Royal Dutch Shell plc RDS.A and Tokyo Gas Company Limited recently inked a long-term liquefied natural gas (‘LNG’) deal, in accordance with an innovative purchase pricing formula that is partly based on coal indexation. Per the deal, the integrated energy super major, which carries a Zacks Rank #2 (Buy), will supply 500,000 tons of LNG annually to the Japanese utility firm, Tokyo Gas,for a period of ten years starting April 2020. You can see the complete list of today’s Zacks #1 Rank (Strong Buy) stocks here.
Linking Gas Prices to Coal: First of its Kind
The deal is worthy of attention because of the usage of coal-index pricing for the LNG contract unlike the usual oil indexation or natural gas benchmark Henry Hub. Markedly, this move marks the first time a Japanese firm will be using a coal-based pricing formula for an LNG contract. While part of the supply will be based on coal indexation, the remaining will be priced off traditional oil and gas linked indexes.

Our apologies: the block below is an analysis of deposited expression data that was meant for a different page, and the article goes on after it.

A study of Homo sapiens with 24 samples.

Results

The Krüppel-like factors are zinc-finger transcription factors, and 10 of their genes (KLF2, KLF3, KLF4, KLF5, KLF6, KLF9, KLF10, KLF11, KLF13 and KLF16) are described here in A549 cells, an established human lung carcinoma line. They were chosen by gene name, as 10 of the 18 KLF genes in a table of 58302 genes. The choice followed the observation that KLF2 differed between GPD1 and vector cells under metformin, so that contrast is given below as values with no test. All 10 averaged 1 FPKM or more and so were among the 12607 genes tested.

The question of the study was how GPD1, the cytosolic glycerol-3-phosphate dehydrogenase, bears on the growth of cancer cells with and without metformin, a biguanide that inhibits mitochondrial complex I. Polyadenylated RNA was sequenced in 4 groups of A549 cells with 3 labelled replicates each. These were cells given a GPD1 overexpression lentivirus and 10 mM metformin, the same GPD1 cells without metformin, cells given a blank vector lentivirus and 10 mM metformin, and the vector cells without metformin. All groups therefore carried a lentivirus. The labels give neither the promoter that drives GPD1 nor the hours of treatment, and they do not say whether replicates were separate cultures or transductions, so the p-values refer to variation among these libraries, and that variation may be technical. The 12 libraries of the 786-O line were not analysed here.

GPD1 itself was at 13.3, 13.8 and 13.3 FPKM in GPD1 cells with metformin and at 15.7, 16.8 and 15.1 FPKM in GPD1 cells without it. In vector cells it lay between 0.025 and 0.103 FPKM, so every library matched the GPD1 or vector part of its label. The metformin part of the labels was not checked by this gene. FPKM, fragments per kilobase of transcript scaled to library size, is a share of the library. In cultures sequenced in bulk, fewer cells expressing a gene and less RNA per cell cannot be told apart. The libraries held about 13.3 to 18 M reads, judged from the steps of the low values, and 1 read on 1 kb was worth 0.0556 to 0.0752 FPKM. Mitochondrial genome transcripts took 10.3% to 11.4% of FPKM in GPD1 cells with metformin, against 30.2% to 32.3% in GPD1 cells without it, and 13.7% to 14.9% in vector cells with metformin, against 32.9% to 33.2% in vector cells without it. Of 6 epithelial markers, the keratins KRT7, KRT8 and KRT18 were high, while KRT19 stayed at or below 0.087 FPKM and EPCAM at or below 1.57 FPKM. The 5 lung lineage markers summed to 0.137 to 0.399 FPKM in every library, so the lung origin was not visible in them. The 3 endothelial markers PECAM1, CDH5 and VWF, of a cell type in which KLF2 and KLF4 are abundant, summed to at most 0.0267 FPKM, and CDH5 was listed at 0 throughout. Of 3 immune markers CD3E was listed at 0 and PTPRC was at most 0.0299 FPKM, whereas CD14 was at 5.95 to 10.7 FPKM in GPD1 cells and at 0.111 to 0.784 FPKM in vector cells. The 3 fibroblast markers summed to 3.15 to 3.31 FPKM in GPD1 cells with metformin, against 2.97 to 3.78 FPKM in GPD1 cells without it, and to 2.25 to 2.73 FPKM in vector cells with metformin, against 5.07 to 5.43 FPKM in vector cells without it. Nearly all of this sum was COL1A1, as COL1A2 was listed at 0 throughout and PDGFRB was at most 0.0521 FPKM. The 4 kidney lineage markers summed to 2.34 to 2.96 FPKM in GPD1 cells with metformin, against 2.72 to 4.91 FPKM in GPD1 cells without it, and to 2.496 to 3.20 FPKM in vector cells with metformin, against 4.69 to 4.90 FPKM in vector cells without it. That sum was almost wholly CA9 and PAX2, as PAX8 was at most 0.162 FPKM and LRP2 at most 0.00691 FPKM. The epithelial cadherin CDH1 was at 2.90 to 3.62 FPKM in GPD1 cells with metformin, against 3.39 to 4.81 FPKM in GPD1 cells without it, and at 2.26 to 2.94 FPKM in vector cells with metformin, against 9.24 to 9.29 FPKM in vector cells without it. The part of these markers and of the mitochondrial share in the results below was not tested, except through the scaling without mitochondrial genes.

The move of linking LNG contract to coal prices is more of a risk management strategy of Tokyo Gas. By diversifying its price exposure for LNG via coal indexation, the company will be able to better compete in its own power market that is dominated by coal. The deal allows Tokyo Gas to obtain a secured supply of LNG and stabilize the company’s cost exposure.
While LNG was historically linked to oil prices, the traditional price link to crude oil remained challenged, given rising U.S. exports and pricing against Henry Hub. However, of late, Henry-Hub based deals are getting less popular among buyers in Asia and Europe as the prices don’t reflect global LNG fundamentals and are driven by factors specific to North America.
Diversity in Pricing Options Gains Steam
The LNG2019 Shanghai meet saw increasing diversification of price indexation, with sellers coming up with novel ways to price the fuel. Notably, Tellurian Inc. TELL signed an agreement with TOTAL SA TOT to supply 1.5 million tons of LNG from its Driftwood project, at a price based on Japan-Korea as against the U.S. Henry Hub benchmark.
The growing diversity of pricing options in the LNG contract was witnessed when Shell recently inked a 20-year deal with NextDecade Corporation to buy 1.5 million tons of LNG per year, based on Brent oil benchmark as against gas indexation.
With trade negotiations progressing between the United States and China, all eyes are on the Cheniere-Sinopec deal. Cheniere LNG, being the largest LNG exporter in the United States, is in talks to ink a 20-year LNG supply deal with Sinopec, once the trade spat ends.